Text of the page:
Of the 92 submissions accepted for Best International Feature Film (the Oscar formerly known as Best Foreign Language Film), Bong Joon Ho’s Parasite is by far the most widely seen. In fact, it’s so admired that the South Korean stunner has an excellent shot at vaulting into the Best Director and Best Picture categories.
The only other submission with significant U.S. visibility is Pedro Almodóvar’s Pain and Glory, which means there are 90 excellent movies from around the globe awaiting your discovery. Intrigued? Fifteen (including the Almodóvar) screen Jan. 3-9 in the annual For Your Consideration series at the Smith Rafael Film Center in San Rafael.
Some of the titles chosen by curators João Federici and Karen Davis will receive theatrical releases: Brazil’s separated sisters saga Invisible Life opens Jan. 3, Italy’s Cosa Nostra history The Traitor arrives Feb. 7, and Russia’s post-war portrait Beanpole and Sweden’s gay-themed And Then We Danced both open Feb. 21. The Czech Republic’s The Painted Bird, adapted from Jerzy Kozinski’s novel, will probably find its way into theaters. In addition, the U.K.’s Malawi-set The Boy Who Harnessed the Wind is on Netflix. (To be sure, it’s an even more powerful experience on the big screen.)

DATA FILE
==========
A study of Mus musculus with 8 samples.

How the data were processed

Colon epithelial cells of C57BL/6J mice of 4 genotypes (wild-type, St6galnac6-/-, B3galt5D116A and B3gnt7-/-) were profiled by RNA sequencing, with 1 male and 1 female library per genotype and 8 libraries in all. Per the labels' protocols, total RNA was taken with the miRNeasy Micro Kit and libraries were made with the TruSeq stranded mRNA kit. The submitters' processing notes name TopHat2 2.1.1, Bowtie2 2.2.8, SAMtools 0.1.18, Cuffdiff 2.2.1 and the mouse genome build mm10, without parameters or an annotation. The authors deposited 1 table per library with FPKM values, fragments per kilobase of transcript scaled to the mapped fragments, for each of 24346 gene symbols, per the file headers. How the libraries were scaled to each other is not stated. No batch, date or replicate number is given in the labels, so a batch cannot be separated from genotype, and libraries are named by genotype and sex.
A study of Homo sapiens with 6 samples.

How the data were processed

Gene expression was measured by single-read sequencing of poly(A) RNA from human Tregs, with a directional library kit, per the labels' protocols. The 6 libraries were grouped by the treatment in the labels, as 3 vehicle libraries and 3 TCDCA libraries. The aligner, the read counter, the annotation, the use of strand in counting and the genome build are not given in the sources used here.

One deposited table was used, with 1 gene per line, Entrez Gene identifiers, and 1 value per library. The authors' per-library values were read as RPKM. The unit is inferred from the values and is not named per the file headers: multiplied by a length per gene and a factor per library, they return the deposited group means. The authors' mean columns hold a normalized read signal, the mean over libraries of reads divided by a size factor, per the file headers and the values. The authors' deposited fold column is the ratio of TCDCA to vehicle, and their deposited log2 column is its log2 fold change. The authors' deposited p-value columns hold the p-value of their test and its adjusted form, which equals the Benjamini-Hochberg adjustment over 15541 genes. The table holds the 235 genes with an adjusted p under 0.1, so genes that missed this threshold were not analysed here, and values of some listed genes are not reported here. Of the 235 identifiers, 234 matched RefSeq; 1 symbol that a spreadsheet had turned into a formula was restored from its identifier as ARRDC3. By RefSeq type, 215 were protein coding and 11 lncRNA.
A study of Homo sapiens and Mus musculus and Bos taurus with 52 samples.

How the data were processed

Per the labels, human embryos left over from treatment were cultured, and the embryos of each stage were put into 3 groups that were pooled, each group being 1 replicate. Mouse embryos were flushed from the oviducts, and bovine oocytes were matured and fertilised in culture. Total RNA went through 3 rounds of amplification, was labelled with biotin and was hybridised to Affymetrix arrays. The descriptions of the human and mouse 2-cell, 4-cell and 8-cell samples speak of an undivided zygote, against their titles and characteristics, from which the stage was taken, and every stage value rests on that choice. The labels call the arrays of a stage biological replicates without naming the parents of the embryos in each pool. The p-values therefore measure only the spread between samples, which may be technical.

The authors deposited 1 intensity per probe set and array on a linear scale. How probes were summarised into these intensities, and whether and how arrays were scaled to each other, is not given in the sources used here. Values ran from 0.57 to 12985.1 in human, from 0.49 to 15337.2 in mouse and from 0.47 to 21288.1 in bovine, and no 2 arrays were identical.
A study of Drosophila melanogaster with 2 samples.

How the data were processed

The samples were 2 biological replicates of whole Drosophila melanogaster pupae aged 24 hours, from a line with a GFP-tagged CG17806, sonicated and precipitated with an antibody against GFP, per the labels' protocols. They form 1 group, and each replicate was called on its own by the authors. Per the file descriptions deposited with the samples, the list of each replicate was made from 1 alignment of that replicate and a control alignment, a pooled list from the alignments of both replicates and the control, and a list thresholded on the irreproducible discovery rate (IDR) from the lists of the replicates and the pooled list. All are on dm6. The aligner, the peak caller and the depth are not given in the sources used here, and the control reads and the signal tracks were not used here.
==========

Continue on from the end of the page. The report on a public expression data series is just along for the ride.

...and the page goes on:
Perhaps it’s a coincidence (spoiler: it’s not) that a trio of acclaimed dramas propelled by female protagonists don’t have U.S. distribution. Algeria’s Papicha (Jan. 8, with a Jan. 19 screening at the Roxie) follows a young woman’s determined pursuit of a fully expressed life and career in dangerous times. For Your Consideration may be your only chance to see Canada’s Antigone (Jan. 8), which transposes Sophocles’ female-fueled tragedy to present-day Montreal. Ditto for Morocco’s Adam (Jan. 9), which portrays the unexpected connection between a grief-paralyzed widow and a pregnant homeless woman.
Five of the Smith Rafael’s 15 selections—The Painted Bird, Beanpole, Pain and Glory, Parasite and Hungary’s Those Who Remained (Jan. 5)—made the 10-film shortlist for the Academy Award. While that’s one measure of Davis and Federici’s handicapping skills, I mention it primarily for those who take their Oscar preparations very, very seriously.